What are your website visitors really looking for?
By Tom Tortorici | TortoriciInc.com
When we’re creating a new or updated website for our company, we’re quite naturally approaching it from the point-of-view of, well, the company. As it turns out though, your website visitors will be eyeing the site from a very different perspective. The more we understand our perfect buyer’s goals, questions and buying issues, the better we can tailor our website to present their perfect solution. So what exactly is it folks are looking for when they land on your website?
1. They’re looking to see what you’re selling.
Since sellers are so familiar with whatever it is they’re offering, sometimes they don’t make it immediately clear enough to outsiders. Be more explicit than you think you need to be, because searchers on a mission want to know your core product or service on first glance.
2. They’re looking to see if you understand their issues.
Before getting into your product details, tap into the real-world circumstances and frustrations that triggered the buyer’s search for a solution. If people see that you truly understand their issues, they’ll have a lot more confidence that you can actually solve their issues.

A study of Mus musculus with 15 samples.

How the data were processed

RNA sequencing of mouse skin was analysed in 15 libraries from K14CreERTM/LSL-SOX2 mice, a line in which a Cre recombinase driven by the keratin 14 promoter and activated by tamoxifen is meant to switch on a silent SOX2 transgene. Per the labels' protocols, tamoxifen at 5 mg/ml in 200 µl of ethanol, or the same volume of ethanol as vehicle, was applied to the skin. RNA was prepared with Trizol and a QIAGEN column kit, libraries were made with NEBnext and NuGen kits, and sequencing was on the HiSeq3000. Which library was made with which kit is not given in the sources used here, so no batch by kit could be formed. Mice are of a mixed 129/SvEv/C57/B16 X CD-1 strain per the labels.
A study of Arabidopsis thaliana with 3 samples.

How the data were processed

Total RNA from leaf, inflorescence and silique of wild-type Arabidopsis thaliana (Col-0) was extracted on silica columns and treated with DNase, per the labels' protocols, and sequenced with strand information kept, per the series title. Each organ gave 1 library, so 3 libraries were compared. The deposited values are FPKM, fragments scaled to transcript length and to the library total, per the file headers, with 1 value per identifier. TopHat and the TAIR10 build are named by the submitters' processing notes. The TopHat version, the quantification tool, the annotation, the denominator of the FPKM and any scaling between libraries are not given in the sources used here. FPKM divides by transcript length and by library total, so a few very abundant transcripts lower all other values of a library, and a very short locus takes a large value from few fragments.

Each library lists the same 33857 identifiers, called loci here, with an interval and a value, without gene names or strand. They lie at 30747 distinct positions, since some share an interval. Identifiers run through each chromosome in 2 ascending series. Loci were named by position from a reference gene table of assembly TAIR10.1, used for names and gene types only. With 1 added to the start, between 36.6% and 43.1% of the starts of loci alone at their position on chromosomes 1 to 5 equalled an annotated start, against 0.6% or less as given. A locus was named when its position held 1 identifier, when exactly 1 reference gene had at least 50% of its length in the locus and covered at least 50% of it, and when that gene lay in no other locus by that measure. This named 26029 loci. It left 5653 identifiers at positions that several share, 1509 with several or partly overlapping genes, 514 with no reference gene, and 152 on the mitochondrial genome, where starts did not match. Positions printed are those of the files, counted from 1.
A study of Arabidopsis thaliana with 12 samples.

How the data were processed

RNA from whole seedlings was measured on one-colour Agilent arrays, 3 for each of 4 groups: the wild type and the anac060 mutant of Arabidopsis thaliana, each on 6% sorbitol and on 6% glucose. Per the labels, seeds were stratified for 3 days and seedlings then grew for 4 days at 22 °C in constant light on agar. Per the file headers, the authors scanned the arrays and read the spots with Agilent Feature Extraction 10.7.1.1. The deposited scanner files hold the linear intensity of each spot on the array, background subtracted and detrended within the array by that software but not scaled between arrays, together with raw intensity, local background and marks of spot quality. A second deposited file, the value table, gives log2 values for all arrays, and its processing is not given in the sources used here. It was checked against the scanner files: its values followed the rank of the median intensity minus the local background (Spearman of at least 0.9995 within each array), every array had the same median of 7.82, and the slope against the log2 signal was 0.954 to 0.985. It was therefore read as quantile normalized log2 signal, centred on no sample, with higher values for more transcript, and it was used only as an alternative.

3. They’re looking for a unique advantage.
Research what your competitors are doing on their websites, and you might find that they’re all pretty much saying the same things. So do something different. What buyer-focused benefit can you offer, or emphasize, that makes your product or service stand out from the crowd?
4. They’re looking for a good value.
Everyone — even luxury buyers– — want to feel that they’re getting a lot for their money. So promote the heck out of that ‘unique advantage.’ Or focus on a product feature that saves them money over time. Or show how your service helps them make more money.
5. They’re looking for what they can expect.
People are more likely to fill out your contact form if they know what’s going to happen after they send it in. Also, if you include a How It Works page on your site, visitors will feel more knowledgeable about your process, and therefore more comfortable about getting started.
6. They’re looking for others who were satisfied.
Testimonials and reviews are popular because what others say about us has more credibility than what we say about ourselves. Case studies can also be effective in showing results. But both are more meaningful if when they relate to that visitor’s specific needs.
7. They’re looking for what they should do next.
A website without clear next steps is leaving visitors high and dry. Prominent calls-to-action should include explicit benefits, not just “Click Here.” Also, consider having one call-to-action for folks who are ready to buy, and another one for those who are still researching.
By taking off our seller’s hat and putting on our buyer’s hat, we can do a more effective assessment of our new or updated site before it goes live. So be sure to build a good case on a logical level, and also hopefully connect on an emotional level. Because when people who land on our site are quickly engaged, they’re less likely to reach for that Back button.